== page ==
Delfland is one of our country's twenty-four water authorities. The area in which Delfland operates is bordered by the North Sea, the Nieuwe Waterweg and the Berkel en Rodenrijs line, Zoetermeer and Wassenaar. On an area of 41,000 hectares, about 1.4 million people live and work, and approximately 40,000 businesses are established. This makes the Delfland region one of the most densely populated and most highly industrialized areas of the Netherlands. The region is furthermore renowned for its intensive glasshouse horticulture.
The three key tasks of Delfland - maintenance of dikes and dams, water level control, and water quality control - initially do not seem to have much in common. But you can't tell a book by its cover. Often you cannot view one task separate from the other. The manner in which you construct and maintain quays, for example, has consequences for the quality of the water. Which is why Delfland always performs its tasks with "a broad view". In other words: taking into account all possible relevant factors. This is also known as integrated water management. To that end, Delfland strives for cooperation with other authorities and institutions.
A good execution of the key tasks, cooperation and consideration for nature; these are the three directives of Delfland's policy. The Water authority thereby does not limit itself to the struggle against water, but also for water. Because no water means no life. Water is life!
The Delfland region is located far below sea level. And if a dune or dike should give way, the land behind it would flood. The consequences of a collapse in the Delfland region would be felt as far as the Utrechtse Heuvelrug. To limit the danger, Delfland maintains the sea and river flood defence structures and quays. Safety is, of course, crucial in the management and maintenance of the dikes and dams. But, in addition to safety, the past few years have also seen increasing attention being devoted to the landscape, nature and recreation.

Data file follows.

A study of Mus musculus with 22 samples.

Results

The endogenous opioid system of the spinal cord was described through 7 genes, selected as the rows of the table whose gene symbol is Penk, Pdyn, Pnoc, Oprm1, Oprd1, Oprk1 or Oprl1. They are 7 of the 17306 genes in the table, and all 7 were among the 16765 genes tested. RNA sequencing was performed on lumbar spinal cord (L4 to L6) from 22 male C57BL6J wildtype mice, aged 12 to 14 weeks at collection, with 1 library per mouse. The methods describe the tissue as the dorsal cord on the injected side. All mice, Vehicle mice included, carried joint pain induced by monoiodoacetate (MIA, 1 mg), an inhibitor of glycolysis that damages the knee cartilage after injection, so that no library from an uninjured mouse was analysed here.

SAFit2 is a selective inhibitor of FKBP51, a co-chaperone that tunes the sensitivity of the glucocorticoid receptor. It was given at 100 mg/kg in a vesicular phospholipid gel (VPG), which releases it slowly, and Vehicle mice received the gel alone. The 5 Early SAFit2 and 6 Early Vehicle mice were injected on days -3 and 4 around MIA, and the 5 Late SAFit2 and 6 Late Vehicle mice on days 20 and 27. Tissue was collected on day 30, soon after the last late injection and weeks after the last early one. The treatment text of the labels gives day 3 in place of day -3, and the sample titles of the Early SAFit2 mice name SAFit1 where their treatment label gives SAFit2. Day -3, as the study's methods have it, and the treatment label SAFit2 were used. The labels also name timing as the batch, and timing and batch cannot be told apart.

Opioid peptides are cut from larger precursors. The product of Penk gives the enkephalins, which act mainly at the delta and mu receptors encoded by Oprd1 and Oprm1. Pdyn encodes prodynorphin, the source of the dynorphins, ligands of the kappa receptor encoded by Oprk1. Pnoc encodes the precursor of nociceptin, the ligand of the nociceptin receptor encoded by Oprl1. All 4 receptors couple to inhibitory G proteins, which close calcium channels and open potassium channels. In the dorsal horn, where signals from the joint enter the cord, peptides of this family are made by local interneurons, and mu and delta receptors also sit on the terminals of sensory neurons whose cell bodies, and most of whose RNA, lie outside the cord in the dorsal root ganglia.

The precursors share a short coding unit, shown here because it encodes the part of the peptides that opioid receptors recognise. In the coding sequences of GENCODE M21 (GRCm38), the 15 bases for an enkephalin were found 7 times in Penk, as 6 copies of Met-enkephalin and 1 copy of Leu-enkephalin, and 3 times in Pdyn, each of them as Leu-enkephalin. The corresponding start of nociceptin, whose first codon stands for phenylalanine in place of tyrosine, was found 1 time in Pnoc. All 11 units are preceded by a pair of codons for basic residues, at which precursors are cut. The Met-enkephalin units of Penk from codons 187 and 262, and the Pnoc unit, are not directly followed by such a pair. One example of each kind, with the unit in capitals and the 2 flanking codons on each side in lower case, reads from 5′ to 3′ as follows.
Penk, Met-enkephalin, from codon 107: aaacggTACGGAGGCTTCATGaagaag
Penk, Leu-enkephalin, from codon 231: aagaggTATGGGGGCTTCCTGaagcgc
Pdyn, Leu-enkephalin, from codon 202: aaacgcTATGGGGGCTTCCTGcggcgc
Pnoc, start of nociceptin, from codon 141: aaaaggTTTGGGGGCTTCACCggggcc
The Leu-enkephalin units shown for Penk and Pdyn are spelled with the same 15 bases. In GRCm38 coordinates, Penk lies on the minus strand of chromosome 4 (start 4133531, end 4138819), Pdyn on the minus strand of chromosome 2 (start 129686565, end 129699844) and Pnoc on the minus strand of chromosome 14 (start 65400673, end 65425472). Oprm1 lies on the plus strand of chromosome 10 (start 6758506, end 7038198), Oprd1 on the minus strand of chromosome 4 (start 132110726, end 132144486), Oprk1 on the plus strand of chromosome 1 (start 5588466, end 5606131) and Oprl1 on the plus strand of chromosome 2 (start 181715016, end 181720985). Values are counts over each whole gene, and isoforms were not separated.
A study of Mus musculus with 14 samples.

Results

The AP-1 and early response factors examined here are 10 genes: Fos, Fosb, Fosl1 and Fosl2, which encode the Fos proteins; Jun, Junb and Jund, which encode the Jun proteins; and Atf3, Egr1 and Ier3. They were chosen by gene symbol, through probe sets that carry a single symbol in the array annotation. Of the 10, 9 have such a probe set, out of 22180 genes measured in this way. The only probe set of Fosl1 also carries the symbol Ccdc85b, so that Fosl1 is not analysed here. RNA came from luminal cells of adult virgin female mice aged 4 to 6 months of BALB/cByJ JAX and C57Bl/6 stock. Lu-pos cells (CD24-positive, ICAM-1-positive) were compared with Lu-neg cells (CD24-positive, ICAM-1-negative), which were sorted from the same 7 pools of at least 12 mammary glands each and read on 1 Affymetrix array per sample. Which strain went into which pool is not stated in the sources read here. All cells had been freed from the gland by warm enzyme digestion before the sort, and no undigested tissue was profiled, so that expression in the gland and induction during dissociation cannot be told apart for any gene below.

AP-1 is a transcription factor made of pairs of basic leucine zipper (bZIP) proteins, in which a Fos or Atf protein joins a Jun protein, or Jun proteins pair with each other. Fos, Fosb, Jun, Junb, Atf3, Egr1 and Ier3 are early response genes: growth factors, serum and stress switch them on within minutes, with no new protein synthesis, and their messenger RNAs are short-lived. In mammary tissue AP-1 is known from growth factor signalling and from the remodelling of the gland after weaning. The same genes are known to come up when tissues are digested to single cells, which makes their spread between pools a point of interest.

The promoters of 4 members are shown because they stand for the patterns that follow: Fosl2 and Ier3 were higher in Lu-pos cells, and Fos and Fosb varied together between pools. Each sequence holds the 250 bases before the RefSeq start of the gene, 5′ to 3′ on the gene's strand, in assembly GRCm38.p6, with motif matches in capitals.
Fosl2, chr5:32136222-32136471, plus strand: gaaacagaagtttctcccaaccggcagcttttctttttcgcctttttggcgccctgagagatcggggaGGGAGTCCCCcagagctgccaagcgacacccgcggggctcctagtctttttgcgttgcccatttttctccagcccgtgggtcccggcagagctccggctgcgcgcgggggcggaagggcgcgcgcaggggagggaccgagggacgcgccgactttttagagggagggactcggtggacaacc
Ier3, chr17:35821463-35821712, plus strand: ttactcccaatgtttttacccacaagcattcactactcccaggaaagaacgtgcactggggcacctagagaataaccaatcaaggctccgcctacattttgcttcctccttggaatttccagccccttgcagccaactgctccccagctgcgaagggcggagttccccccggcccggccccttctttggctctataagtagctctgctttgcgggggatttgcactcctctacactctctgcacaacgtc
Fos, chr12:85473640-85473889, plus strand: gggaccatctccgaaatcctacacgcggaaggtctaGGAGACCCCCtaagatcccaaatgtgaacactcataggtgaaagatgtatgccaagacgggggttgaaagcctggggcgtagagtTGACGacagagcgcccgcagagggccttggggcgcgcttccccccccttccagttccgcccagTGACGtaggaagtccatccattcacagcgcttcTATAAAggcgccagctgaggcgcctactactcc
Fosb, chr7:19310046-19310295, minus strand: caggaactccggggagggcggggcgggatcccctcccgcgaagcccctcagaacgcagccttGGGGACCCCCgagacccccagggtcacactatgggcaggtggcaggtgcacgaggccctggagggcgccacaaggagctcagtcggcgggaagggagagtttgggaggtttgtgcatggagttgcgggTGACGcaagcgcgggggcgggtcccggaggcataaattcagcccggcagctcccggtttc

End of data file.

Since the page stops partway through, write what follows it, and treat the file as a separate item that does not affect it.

The main or so-called primary maintenance of dikes and dams consists of two components: the seawall and the river flood defence structure. This primary maintenance of dikes and dams of Delfland must be able to withstand a wind-force and water level which, on average and statistically speaking, do not occur more than once every 10,000 years.
Water management involves the regulation of the water level in streams, lakes, ditches, moats and canals. This is vital for developments, agricultural businesses, the shipping industry, nature and recreation. The height at which the water level of an area is set depends on the use and function of that area. The level in wildlife areas, for instance, often fluctuates, while farmers prefer a relatively low water level to prevent their land from becoming too wet. The management of water levels is also of great importance for the shipping industry. If the water level is too low, large ships will run aground; if it is too high, the vertical clearance under bridges will become insufficient.
Delfland ensures an optimum quality of the surface water in its management region. This key task entails the purification of wastewater and the limiting of discharges into surface water wherever possible. After all, clean and pure water is important to humans, but also to animals and plants. Delfland therefore creates conditions that lead to a better-optimized habitat for plants, aquatic plants and animals. This can be done by constructing nature-friendly banks for example, or through ecological maintenance of waters and quays.
Water authorities are, just like municipalities, local authorities. But unlike municipalities, water authorities are functional authorities. This means that the Water authority has specific tasks and that the implementation of these tasks is financed through taxes. These taxes are imposed on residents and companies within the management region. There is a separate tax for each task to be carried out. These include pollution tax, water board levies, sufferance tax and legal dues.